These days the tomatoes are getting ripe. We've been eating cherry tomatoes from the back garden for a couple of weeks now, but the big ones -- Brandywines and Better Boy, and some volunteers that have turned out to be a monstrously large, faintly striped variety -- are just coming in.
The thing about fresh tomatoes is that you don't have to cook them to enjoy them. Slice and eat. You can gussy them up with some olive oil, fresh basil, salt and pepper, even sugar (eek!) but you needn't. When the zucchini come in, there is always the question of what to do with them all. Tomatoes are more user-friendly.
But even though simple is dynamite when it comes to the fruity orbs, tomatoes are also terrific in a torrent of uses. Tomato: A Fresh-from-the-Vine Cookbook (Storey, $16.95), by heritage-variety champion Lawrence Davis-Hollander is a celebration of tomatoes from salsas to desserts, and if you love cooking with them, it's a useful addition to your cookbook shelf.
The book is illustrated with 19th Century-style line drawings, as if from old Farmer's Almanacs or seed catalogs, although there's a section of color photos tipped into the middle. (That restraint has doubtless kept the price of the book down.) Interspersed with the recipes are sidebars of tomato history and lore that are quite interesting -- not a substitute for lush color photography if that's what you're into in a cookbook, but worth reading.
Many concern heirloom tomato varieties. You will soon come to learn more about champion tomato breeder Alexander Livingston, who bred some of the tastiest varieties that are still around today. Chefs and foodies name their top ten tomato varieties. Tomatoes are given rock star status...and when you're biting into a perfect caprese salad, it's easy to concede that tomatoes deserve it.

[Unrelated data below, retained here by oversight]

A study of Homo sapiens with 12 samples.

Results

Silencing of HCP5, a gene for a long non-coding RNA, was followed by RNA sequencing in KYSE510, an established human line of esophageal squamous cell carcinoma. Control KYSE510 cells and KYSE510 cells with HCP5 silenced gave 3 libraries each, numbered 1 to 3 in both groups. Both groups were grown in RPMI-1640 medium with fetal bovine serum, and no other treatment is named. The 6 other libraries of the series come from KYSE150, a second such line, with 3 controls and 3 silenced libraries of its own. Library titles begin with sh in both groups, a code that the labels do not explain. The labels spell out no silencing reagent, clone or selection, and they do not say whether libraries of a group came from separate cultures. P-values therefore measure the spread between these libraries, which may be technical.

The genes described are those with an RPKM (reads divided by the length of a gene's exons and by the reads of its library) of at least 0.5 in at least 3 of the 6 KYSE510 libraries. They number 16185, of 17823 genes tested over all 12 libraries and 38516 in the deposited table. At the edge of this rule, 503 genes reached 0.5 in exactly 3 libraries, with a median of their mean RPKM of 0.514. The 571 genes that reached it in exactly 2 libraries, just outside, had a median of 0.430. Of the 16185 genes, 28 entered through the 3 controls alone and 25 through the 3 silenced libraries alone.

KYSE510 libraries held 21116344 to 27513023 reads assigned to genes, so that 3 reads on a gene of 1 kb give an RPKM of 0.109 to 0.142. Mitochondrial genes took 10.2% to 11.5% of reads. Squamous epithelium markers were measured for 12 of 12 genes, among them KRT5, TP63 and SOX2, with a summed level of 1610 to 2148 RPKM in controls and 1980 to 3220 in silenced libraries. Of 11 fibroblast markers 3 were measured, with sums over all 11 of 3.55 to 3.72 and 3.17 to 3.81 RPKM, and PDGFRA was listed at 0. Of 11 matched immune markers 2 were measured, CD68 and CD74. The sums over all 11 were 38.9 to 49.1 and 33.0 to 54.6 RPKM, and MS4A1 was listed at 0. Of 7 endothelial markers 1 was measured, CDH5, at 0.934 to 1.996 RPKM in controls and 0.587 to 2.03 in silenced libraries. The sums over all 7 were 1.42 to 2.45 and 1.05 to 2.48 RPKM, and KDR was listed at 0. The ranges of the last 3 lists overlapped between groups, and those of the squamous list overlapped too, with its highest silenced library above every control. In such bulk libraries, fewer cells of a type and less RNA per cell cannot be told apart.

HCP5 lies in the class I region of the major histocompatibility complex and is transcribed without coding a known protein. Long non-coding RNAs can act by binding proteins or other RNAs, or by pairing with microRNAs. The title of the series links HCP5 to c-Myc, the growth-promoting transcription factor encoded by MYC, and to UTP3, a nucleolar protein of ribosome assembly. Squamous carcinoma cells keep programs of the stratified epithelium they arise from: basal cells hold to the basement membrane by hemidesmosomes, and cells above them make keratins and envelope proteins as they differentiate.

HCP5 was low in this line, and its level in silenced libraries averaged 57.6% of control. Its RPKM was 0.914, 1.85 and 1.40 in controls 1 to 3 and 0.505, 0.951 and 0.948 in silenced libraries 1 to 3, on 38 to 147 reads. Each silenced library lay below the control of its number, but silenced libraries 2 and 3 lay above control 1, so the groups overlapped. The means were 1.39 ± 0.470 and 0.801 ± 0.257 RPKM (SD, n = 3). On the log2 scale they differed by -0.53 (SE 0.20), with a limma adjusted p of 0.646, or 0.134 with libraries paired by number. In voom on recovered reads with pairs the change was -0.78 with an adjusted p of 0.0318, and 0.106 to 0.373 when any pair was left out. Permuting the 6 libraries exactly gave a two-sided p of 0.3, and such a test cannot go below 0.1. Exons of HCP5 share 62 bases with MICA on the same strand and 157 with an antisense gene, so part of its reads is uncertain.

The recipes themselves are often uncomplicated yet feel fresh and new. Spaghetti with Slow-Roasted Tomatoes, Basil and Parmesan Cheese is simplicity itself, but the instructions on proportion from Chef Jody Adams from Rialto, in Cambridge, Mass., help. There are plenty of intriguing old-fashioned treatments... I love Egg in a Tomato Nest" ("serves one") which is what it sounds like, and an improvement over the old campfire trick of cooking an egg in an orange peel, and however strange this might sound, I like the Dr. Seussical "Green Tomatoes on Toast." The tomato tart recipe was not an improvement over my favorite tomato tart recipe, though, and the Chaiwalla Savory Tomato Pie needs something besides mayo to provide zest.
The main dishes, where something else (beef, chicken) is the star of the show and the tomatoes play a supporting role, are to my mind are much less interesting than the side dishes, where tomatoes retain top billing.
I can't wait to try the dessert recipes -- Tomato Custard Pie and Candied-Tomato Tart with Five-Spiced Hazelnut Crust at the top of the list.
Fortunately there are a lot of tomatoes still on the vine in my backyard.